Nicki Minaj has apologised, sort of, for using a famous image of Malcolm X carrying a gun as promotion for her explicit new track, “Lookin A** Ni**a”.
“What seems to be the issue now? Do you have a problem with me referring to the people Malcolm X was ready to pull his gun out on as Lookin A** Ni***z?” the “Pound the Alarm” singer posted on Instagram, complete with a picture of her holding a rifle. “Well I apologize. That was never the official artwork nor is this an official single. This is a conversation. Not a single.”
Set to feature on Minaj’s forthcoming album The Pink Print, “Lookin A** N*gga” has been criticised for its relentless use of “ni**a” and controversial lines like “I’m rapin’ you ni**as”. The accompanying music video has caused offence for glamorising gun crime (scroll to watch the video).
Minaj continued with an attempted explanation: “I am in the video shooting at “Lookin A** Ni***z” and there happened to be an iconic photo of Malcolm X ready to do the same thing for what he believed in!!!! It is no way to undermine his efforts and legacy.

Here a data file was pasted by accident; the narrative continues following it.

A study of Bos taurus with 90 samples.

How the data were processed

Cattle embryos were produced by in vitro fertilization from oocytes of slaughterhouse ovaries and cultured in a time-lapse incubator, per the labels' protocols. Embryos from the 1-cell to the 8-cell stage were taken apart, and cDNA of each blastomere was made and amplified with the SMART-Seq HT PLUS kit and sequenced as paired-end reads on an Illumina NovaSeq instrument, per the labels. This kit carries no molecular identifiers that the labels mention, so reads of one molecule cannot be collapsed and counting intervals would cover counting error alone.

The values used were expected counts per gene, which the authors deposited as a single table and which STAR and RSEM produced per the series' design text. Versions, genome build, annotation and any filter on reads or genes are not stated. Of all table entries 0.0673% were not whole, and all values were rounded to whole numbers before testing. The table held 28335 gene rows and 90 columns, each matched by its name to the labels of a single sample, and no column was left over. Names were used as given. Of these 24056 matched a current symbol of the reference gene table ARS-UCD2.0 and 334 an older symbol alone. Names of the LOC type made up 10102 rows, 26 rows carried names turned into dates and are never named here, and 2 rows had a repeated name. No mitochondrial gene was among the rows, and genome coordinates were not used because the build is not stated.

“I apologize to the Malcolm X estate if the meaning of the photo was misconstrued. The word “ni**a” causes so much debate in our community while the “ni**a” behaviour gets praised and worship. Let’s not. Apologies again to his family. I have nothing but respect an adoration for u” [sic].
The US rapper added that the photo had been removed “hours ago” but it could still be seen on her website at the time. It has since disappeared.
Published in Ebony magazine in September 1964, the image of Malcolm X shows the black rights activist watching out for assassins five months before he was murdered.
Soon after the photo appeared on Minaj’s website, Kevin Powell set up a petition calling on the singer, her record label Young Money Entertainment and Universal Music Group to stop “disrespecting Malcolm X, Black History and Black People”.
A statement on Change.org reads: “Malcolm X carried a gun as he feared for the safety of his family and himself, and was aware he would someday be killed by political opponents. The image of Malcolm X looking out of the window highlighted that fear.
“Nicki Minaj’s use of guns in her new music video speaks to the gun culture in our society today where gun violence is an acceptable norm. To call this unacceptable is a gross understatement. The artwork needs to go, as well as any association with Malcolm X and Black History.”